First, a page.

Best of the Brunch: Our Leaders in AppSec Share Their Wisdom5th June 2019
Throughout my career as an AppSec professional, I have been fortunate to meet and network with some of the industry’s most incredible talent, each making their mark in helping to secure and strengthen the world’s ever-increasing webs of code. At this stage in my journey (with a little more knowledge and a lot less hair!), I am often asked to speak to the future stars of software security, and it’s a gig I love. However, I also understand just how important it is to be visible as a leader and mentor to those who are looking to stand tall and grow into their roles.
Recently, I was in London with some of the Secure Code Warrior team, and we hosted a brunch event with the aim of getting a handful of AppSec superstars together for networking, insights and a pastry or two. In front of more than sixty invitees, they imparted their wealth of expertise as part of an expert panel, getting everyone excited about the future of application security.
Addressing hot-button issues like how to make the most of an organization’s AppSec budget, as well as several curly questions from the audience, the panel delivered some real morning magic that will undoubtedly help security managers, specialists and their developers build out viable programs within their organizations.
We were privileged to host the following leaders for the panel, Tools Vs. People: Is Your AppSec Budget Adequately Addressing Both?
- Vincent Gilbert, CISO, Societe Generale
- Cédric Levy-Béncheton, CEO, Cetome
- Reena Shah, Head of Security & Privacy Culture and Awareness, M&G Prudential
- Lee Thurlow, Global AppSec Director, Pearson
- Lewis Bramfitt, Managing Director, Bramfitt Lab.
Each speaker shared their thoughts on the AppSec tools landscape (spoilers: with many organizations generating so much software, it can be a minefield selecting tools that perform every function you require. After all, no singular tool can cover it all).
Reena Shah also made an interesting point. In just a few short years, we have seen a positive shift in the perception of AppSec within large organizations, allowing for a critical element to start taking shape - the investment in people to uphold security best practice and culture:
“I think it is changing. When I started this four years ago, trying to get a budget and team when it comes to security culture and awareness was really difficult. And what I am finding now, is that it is not my challenge anymore. It’s very easy for me to say, “this is the budget I need, these are the people I need, to reduce risks. I’m seeing a massive shift, and I think that’s because the board - and the C-Suite - are understanding how important it is to provide funding to assist us in reducing security incidents.” She said.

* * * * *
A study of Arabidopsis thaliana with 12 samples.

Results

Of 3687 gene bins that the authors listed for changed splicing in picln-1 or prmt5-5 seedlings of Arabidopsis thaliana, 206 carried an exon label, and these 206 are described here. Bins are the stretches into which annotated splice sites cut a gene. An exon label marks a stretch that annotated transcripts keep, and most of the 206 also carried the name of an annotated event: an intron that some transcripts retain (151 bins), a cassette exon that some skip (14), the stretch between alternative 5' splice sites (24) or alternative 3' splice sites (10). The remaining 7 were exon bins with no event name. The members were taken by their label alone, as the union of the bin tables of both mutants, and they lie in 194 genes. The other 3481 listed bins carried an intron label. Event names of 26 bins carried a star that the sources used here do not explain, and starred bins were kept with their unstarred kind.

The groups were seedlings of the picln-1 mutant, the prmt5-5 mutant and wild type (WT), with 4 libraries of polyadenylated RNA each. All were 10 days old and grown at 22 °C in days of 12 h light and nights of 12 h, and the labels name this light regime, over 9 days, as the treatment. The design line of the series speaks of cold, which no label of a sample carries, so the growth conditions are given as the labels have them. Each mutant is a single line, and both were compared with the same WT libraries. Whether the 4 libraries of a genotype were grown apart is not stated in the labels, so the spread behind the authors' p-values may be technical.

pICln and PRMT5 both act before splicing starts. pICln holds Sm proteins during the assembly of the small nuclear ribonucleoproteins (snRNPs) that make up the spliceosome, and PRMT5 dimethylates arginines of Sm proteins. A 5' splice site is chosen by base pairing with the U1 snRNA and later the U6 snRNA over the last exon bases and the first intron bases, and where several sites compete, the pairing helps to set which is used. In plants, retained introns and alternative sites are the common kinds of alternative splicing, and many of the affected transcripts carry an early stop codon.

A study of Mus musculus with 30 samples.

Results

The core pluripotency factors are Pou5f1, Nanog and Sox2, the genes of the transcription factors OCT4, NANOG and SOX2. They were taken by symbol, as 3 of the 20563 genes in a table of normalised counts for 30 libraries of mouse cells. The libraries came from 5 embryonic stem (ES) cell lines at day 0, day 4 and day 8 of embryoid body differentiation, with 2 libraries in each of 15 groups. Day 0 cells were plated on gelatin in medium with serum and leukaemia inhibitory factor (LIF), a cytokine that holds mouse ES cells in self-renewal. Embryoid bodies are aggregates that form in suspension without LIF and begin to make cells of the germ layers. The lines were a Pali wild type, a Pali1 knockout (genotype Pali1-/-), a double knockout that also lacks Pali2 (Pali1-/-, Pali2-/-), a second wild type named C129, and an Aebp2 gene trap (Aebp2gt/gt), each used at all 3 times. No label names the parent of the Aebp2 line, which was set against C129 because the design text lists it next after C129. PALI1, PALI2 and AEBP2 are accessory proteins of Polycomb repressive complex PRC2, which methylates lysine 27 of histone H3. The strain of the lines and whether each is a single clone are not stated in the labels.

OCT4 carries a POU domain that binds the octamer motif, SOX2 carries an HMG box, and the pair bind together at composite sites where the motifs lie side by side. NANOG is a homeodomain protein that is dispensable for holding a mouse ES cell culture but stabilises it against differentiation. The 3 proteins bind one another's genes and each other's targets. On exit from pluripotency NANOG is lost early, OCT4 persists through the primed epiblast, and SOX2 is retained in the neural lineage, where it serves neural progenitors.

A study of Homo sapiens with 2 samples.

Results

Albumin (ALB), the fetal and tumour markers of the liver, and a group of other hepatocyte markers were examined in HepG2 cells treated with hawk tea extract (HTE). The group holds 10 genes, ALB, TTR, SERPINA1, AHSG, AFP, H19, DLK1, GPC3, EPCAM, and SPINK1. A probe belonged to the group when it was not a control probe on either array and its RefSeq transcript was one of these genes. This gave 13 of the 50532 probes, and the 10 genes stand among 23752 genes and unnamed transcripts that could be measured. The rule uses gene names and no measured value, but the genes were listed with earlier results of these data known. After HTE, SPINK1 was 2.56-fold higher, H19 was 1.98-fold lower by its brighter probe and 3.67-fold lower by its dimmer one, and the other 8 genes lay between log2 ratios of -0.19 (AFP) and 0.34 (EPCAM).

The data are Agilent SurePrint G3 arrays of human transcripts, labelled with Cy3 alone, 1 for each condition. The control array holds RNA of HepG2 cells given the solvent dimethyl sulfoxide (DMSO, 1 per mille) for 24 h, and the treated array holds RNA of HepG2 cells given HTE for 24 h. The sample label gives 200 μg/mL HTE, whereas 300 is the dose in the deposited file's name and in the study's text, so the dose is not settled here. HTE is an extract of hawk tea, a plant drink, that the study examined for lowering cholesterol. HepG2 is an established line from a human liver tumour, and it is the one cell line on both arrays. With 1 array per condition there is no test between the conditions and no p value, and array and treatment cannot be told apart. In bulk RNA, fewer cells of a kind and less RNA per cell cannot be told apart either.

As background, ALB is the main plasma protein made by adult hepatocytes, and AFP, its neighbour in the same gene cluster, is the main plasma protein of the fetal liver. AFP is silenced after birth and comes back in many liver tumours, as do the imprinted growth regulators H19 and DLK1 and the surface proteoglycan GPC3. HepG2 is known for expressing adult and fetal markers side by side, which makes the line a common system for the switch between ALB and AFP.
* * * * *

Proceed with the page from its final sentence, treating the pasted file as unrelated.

You can watch the full panel right now:
For me, it is incredibly refreshing to see the future of AppSec incorporating an emphasis on the right training and knowledge for the developers on the front lines, allowing them to form solid defense against age-old vulnerabilities that still rear their ugly head.
Tools provide one level of support, but really - it’s time we faced facts. We simply need to stop repeating the same mistakes.
Closing the AppSec Error Loop
As part of the Leaders in AppSec brunch, I also delivered a presentation on how we can address the costly, ongoing issue of the same security vulnerabilities appearing over and over again. Tools might find them, but they’re not doing much to prevent them. Developers need to be given the right training to stop their introduction in the first place.
And, well, us developers are a funny bunch. Some training is much more effective than others when it comes to engagement and retention. You can watch my presentation in full here:
An emphasis on security training, as well as general awareness and a positive culture between developers and AppSec is like kryptonite to an attacker. Those little back-door openings shut, those easy ways to our data dry up, and security superheroes are working together to make security synonymous with software quality.
Slowly, but surely, we’re getting there.